Swedish activist Greta Thunberg and a crowd of some 10,000 protesters have marched in the Swiss city of Lausanne before many of them head to Davos to challenge political and business leaders.
The 17-year-old activist denounced a lack of government action to cut heat-trapping emissions before it is too late.
"So, we are now in a new year and we have entered a new decade and so far, during this decade, we have seen no sign whatsoever that real climate action is coming and that has to change," Thunberg said in a speech in Lausanne on Friday, AEST.
"To the world leaders and those in power, I would like to say that you have not seen anything yet. You have not seen the last of us, we can assure you that. And that is the message that we will bring to the World Economic Forum (WEF) in Davos next week."
The Davos event, held annually in the Swiss ski resort town of the same name, sees business, industry and political elites descend on the town to discuss global economic issues.
According to Bloomberg, at least 119 billionaires are expected to be at Davos this coming week.
‘Wake up and smell the bushfires’
During the Lausanne event, protesters held signs with messages including "Wake up and Smell the Bushfires" and "It is late but it is not too late".
Hundreds of campaigners took trains over the weekend and then marched to Klosters near Davos, which Thunberg is attending for the second year in a row and will take part in two panel events.
Climate change and environmental destruction top the risks highlighted by world decision-makers in a survey ahead of the 2020 gathering.
This year's event takes place against the backdrop of some of Australia's worst ever bushfires which will loom large over the gathering.
Last year was the earth's second-hottest since records began, and the world should brace itself for more extreme weather events like the bushfires in Australia, the United Nations' World Meteorological Organisation (WMO) said on Wednesday.
"We are ... an alliance that is organising next week in 20 countries to say 'time is up' to the World Economic Forum in Davos. Time is up," Kenyan activist Njoki Njoroge Njehu told the crowd in Lausanne.
"It is time to abolish billionaires. It is time to abolish billionaires, because we cannot afford them, the planet cannot afford billionaires," he said.
Climate at top of risk list
This year's Davos has chosen sustainability as its main theme and comes as campaigners such as Thunberg ramp up pressure on businesses and governments to act on climate change and other environmental threats.
At the same time, leading economies are behind on pledges to cut carbon emissions made with the 2015 Paris Agreement and activists remain wary of empty promises, pointing to the huge subsidies and private funds still on offer for fossil fuel companies.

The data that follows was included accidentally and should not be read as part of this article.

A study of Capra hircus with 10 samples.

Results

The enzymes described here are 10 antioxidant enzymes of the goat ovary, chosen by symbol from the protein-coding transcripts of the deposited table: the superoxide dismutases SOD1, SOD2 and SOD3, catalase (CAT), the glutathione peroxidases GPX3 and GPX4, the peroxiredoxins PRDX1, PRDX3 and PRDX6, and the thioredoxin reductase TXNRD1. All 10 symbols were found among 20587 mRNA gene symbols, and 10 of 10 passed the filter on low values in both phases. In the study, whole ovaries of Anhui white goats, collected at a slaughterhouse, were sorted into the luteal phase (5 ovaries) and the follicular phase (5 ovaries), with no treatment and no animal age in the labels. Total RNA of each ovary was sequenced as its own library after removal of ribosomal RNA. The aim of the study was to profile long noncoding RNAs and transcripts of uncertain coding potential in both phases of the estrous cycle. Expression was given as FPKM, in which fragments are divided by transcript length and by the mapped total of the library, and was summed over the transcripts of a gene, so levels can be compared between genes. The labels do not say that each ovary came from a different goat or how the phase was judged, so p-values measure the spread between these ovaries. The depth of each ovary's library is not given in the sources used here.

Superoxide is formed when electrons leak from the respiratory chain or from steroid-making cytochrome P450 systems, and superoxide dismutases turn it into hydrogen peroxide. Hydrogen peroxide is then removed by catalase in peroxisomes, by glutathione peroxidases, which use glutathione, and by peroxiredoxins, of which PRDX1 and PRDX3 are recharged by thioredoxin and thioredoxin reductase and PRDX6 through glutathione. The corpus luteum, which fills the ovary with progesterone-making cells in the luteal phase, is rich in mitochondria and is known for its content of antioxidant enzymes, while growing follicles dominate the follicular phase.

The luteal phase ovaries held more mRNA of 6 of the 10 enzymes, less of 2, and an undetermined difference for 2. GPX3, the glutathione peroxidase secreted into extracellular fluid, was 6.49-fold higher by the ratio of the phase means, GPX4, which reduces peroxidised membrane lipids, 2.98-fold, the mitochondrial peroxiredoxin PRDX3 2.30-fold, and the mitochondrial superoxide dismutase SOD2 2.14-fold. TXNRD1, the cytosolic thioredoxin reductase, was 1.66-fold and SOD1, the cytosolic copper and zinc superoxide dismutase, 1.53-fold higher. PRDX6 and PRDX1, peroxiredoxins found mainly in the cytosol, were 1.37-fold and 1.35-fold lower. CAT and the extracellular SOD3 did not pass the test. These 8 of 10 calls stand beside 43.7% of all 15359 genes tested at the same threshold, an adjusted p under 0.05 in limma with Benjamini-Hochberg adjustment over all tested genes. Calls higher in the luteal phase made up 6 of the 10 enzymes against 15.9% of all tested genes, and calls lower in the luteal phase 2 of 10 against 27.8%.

US President Donald Trump is expected to attend, although some world leaders will skip this year's Davos.
New British Prime Minister Boris Johnson has told his ministers to avoid an event seen by many as elitist, a source in his office has reportedly said.
In a bid to preempt criticism that its jet-setting guests are part of the problem, the World Economic Forum said this year's event would use offsets to be fully carbon neutral, line up more electric vehicles and offer local food and non-meat protein options.
"The political landscape is polarised, sea levels are rising and climate fires are burning," Borge Brende, President of the forum said.
Environmental concerns have been rising up the list of its perceived long-term risks in recent years, a marked change from a decade ago when the West's biggest economies were thrown into recession by the financial crisis.
The biggest risk that year was seen as a fresh collapse in asset prices, while inequality was the top concern from 2012 to 2014. Immigration loomed large in the 2016 survey as hundreds of thousands of migrants arrived in Europe, fleeing war and poverty in the Middle East and Africa.
Aside from the environment, the 2020 survey highlights concerns about shortfalls in governance of the technology sector, struggling health sectors and doggedly high inequality.
In its methodology for the survey, the WEF said a "global risk" was defined as one that could cause major harm to several countries or industries within the next 10 years.
Two-thirds of the respondees were male, with a majority from Europe and North America and most aged between 40 and 59. For the first time, the survey included results from 200 under-30s around the world identified as future leaders in various fields.